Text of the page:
When state officials took $1 million from the snowmobile trail maintenance fund to balance the 2008 budget, snowmobilers said they felt double-crossed.
After all, in accordance with a 2006 agreement with the state to address various trail issues, snowmachine registration fees were raised from $15 to $45 for club members and $100 for non-club members. There was an understanding that all registration money would go toward the program.
But, said Assemblyman Marc Butler, R-Newport, whose district includes the Northeast’s contending snowmobile capital Old Forge, the snowmobile fund was raided in April as state officials scrambled to balance and pass a budget.
“We were told there was a $1 million sweep from the Department of Environmental Conservation into the general fund, but it was only later we learned the money came from the trail maintenance fund,” Butler said.
Since April, there has been a cry from various North Country counties and the snowmobiling community to restore the money. The state Senate passed legislation restoring the money, but Butler said when the Assembly adjourned for the summer this week the measure was still in committee.
He and a number of colleagues went to Gov. Paterson’s office this week to present petitions with thousands of signatures from snowmobilers demanding restoration of the money.
Butler said Friday an aide to Paterson was receptive to the campaign and the plea to restore the money.
Butler, noting terms of the 2006 agreement in which the snowmobiling community consented to paying higher registration fees, said of the developments: “Quite rightfully they felt the state was dealing from the bottom of the deck. There was a commitment made and I really feel the state has an obligation,” Butler said.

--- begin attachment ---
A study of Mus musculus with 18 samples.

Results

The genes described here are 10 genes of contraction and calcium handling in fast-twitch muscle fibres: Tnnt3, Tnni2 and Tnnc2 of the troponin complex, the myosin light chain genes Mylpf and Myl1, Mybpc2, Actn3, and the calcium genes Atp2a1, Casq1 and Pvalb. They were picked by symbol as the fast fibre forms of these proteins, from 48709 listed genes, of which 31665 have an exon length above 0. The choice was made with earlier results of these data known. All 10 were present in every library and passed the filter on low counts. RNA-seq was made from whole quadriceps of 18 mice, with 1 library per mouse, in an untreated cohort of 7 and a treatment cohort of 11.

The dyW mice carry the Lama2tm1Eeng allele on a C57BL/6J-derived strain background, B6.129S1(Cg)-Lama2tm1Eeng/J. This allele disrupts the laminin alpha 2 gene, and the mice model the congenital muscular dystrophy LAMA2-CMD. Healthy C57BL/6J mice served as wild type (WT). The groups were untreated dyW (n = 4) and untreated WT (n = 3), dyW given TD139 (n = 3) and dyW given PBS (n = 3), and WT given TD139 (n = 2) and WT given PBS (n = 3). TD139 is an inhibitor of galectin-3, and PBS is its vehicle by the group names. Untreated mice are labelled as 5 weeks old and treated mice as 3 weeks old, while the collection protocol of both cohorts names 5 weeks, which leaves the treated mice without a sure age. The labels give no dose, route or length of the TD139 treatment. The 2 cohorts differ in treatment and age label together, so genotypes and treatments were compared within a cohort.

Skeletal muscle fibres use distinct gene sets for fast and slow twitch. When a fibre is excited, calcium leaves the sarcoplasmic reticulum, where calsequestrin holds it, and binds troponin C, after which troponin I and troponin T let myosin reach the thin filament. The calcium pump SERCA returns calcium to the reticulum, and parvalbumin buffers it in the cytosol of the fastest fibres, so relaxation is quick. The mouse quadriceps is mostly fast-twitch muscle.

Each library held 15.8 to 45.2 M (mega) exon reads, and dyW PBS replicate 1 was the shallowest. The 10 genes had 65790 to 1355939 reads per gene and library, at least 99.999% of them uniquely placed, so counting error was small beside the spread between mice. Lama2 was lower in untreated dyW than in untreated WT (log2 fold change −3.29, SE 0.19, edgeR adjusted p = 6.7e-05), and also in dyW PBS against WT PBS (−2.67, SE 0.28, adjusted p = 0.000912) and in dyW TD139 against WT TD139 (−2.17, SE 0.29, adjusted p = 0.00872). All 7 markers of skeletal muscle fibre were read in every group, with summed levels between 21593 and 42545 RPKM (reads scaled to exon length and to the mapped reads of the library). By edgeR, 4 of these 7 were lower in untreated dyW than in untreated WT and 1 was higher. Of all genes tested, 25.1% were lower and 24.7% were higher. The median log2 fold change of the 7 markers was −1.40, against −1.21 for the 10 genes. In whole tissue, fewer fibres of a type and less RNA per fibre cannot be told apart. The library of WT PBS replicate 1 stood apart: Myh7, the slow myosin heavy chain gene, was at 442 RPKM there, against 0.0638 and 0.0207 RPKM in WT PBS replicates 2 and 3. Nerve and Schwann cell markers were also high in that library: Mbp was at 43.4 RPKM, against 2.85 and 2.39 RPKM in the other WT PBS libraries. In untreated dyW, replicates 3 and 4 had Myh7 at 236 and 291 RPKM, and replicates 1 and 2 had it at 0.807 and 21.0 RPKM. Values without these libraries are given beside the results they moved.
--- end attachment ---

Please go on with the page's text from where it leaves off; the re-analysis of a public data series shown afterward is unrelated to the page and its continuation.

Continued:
Butler said maintaining the strength of the dedicated snowmobile Trail Development and Maintenance Fund is a financial and economic development issue affecting the entire state.
He said Old Forge, the Herkimer County snowmobiling hub that he called the capital of the Northeast “if not the nation,” is an important part of the state’s tourism industry.
Fulton County Clerk William Eschler, a member of the Bleecker Snow Rovers Snowmobile Club, said the state’s decision to take the money surprised him. “A dedicated fund should be untouchable,” said Eschler, who said state officials should not take any action that endangers the tourism industry.
A resolution recently adopted by the Warren County Board of Supervisors expressed support for the fund restoration bills in the Senate and Assembly.
The Warren County board said the trail improvements “are vital to rural communities as part of their efforts to grow their local economy.”
Warren County received $59,000 from the state trail fund last winter. County officials said it is unclear how the depletion of the state fund would affect this coming winter’s fund share.
Though last fall the state Office of Parks, Recreation and Historic Preservation allocated $2.8 million statewide to snowmobile clubs performing trail maintenance, agency spokeswoman Eileen Larrabee said the loss of $1 million in the fund will not affect this coming winter’s trail maintenance program.
Larrabee said the per-mile maintenance rates for 2008-09 have already been set. She said the lost money would be absorbed.
This past winter, she said, the state collected $5.4 million from the 128,283 snowmachine registrations. Registrations were down about 2,000 machines from the previous winter, she said.
The $5.4 million was allocated to various components of the snowmobile program, she said, including trail maintenance, law enforcement, insurance, administration and grants.
When registration fees were raised from $15 in 2006, there was an effort to encourage snowmobilers to join clubs.